Santander Consumer USA’s total funding and liquidity is likely to sustain the subprime lender through the COVID-19 economic crisis.
SCUSA has $51.4 billion in total funding and liquidity from four primary sources, including private financing, warehouse lines of credit, the asset-backed securitization market, and support from its parent company, Santander Holdings USA.
Santander provides SCUSA with 18% of its total liquidity through contingent funding, term funding, and revolving funding for a total of $9.2 billion.
The subprime lender also has secured $11.9 billion in revolving financing, and $9.3 billion in amortizing financing.
Yet, the largest source of liquidity for the Dallas-based lender — at 37% — comes from the securitization market. SCUSA, which was the largest issuer in 2019, has $18.8 billion in outstanding ABS, and issued an additional $2.2 billion worth of notes in the fourth quarter of last year.
There has been concern in the industry as to whether access to funds through capital markets would dry up as the coronavirus financially squeezes the industry. However, the fact that SCUSA has a bank parent company — which relies primarily on deposits for funding — provides wiggle room, should SCUSA need access to additional funds.
SCUSA also sets aside $5.0 billion in funds for dealer inventory financing and $4.5 billion in funds dedicated to its Chrysler Capital private-label financing agreement with Fiat Chrysler Automobiles.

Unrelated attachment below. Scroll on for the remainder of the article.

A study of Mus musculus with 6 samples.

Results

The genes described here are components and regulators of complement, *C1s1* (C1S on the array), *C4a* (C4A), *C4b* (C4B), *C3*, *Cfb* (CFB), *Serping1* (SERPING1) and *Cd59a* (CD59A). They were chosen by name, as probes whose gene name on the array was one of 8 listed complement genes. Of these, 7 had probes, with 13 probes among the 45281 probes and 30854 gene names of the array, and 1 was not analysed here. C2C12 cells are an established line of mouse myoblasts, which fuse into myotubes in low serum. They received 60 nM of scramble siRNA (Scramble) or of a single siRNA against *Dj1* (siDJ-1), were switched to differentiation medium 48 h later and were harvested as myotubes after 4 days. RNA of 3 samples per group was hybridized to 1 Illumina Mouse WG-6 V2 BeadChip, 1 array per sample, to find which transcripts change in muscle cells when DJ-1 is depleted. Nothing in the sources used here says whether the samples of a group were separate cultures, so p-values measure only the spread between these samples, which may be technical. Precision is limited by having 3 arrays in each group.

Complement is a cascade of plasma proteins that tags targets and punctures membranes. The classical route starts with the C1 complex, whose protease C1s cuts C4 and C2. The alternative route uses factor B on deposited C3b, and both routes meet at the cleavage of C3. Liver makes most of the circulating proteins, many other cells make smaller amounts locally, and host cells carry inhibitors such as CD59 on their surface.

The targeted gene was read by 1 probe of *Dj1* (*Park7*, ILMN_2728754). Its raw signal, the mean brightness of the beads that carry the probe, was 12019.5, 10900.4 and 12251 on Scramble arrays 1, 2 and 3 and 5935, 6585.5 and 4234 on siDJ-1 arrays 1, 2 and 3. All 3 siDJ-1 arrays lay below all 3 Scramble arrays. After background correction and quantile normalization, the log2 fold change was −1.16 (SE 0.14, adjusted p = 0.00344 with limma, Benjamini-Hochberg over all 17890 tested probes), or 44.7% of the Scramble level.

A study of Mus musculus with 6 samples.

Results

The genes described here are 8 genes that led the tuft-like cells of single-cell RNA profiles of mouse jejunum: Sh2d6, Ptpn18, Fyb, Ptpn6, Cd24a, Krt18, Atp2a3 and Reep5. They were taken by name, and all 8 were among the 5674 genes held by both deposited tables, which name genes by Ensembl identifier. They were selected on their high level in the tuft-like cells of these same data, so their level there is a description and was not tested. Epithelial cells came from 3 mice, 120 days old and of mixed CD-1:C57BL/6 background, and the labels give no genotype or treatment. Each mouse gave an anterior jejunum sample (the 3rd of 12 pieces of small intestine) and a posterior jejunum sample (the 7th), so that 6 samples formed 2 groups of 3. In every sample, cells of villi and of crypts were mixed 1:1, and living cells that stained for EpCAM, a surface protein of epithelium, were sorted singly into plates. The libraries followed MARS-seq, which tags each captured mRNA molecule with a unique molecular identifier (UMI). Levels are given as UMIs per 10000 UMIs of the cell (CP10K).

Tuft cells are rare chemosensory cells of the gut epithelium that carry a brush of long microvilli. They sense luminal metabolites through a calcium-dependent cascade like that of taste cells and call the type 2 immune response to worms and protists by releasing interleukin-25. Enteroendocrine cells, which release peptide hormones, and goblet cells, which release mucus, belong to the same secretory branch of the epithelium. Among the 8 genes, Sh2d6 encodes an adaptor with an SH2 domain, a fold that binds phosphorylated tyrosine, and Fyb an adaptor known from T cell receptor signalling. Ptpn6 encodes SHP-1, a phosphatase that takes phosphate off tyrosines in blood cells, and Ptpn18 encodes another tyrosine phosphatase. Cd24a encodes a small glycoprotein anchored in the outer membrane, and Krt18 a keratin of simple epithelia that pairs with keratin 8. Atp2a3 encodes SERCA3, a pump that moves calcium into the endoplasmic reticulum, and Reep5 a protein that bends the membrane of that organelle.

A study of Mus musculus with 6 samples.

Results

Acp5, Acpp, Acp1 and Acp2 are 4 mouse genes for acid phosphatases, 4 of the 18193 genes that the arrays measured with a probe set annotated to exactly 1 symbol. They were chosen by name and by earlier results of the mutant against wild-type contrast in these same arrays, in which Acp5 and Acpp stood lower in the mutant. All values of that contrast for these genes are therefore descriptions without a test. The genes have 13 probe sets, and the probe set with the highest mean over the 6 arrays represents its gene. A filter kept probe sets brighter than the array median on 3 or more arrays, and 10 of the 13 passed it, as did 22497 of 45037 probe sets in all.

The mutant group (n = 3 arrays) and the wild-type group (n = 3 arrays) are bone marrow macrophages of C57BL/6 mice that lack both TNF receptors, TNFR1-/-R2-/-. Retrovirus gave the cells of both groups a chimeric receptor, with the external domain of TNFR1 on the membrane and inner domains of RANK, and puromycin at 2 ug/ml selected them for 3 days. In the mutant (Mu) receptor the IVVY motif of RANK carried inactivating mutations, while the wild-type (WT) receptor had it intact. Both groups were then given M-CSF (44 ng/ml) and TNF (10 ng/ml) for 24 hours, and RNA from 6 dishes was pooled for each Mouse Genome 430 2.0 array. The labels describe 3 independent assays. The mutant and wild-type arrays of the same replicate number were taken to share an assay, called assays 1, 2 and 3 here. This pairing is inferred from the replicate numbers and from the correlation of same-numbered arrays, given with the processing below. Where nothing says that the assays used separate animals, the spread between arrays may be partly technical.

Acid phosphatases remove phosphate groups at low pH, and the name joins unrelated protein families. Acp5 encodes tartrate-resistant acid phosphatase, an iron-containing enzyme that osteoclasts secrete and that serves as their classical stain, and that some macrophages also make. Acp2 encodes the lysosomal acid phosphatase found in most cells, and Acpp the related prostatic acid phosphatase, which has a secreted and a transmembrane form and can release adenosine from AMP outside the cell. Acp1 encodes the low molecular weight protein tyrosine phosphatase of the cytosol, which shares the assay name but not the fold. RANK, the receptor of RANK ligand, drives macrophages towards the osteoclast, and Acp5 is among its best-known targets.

Originations hit $31.3 billion for yearend 2019, 60% of the lender’s total liquidity. During fourth-quarter 2019, used-vehicle loans and leases made up 40% of originations.
Still, SCUSA’s large subprime portfolio, which makes up nearly 90% of its total auto outstandings, could push up credit losses, according to Fitch Ratings.
In fact, Fitch notes that some banks are in a riskier position than captive finance arms that focus on the financing and leasing of new vehicles purchased by prime borrowers. Fitch believes the credit performance of captive auto finance companies is likely to fare better than some banks, such as Ally Financial, Capital One Financial and Wells Fargo, which have a larger exposure to near-prime and subprime loans that are collateralized by used vehicles.
“We expect sharp increases in unemployment and declines in used-vehicle prices to push auto credit losses meaningfully higher, at least over the short term,” said Michael Taiano, senior director at Fitch.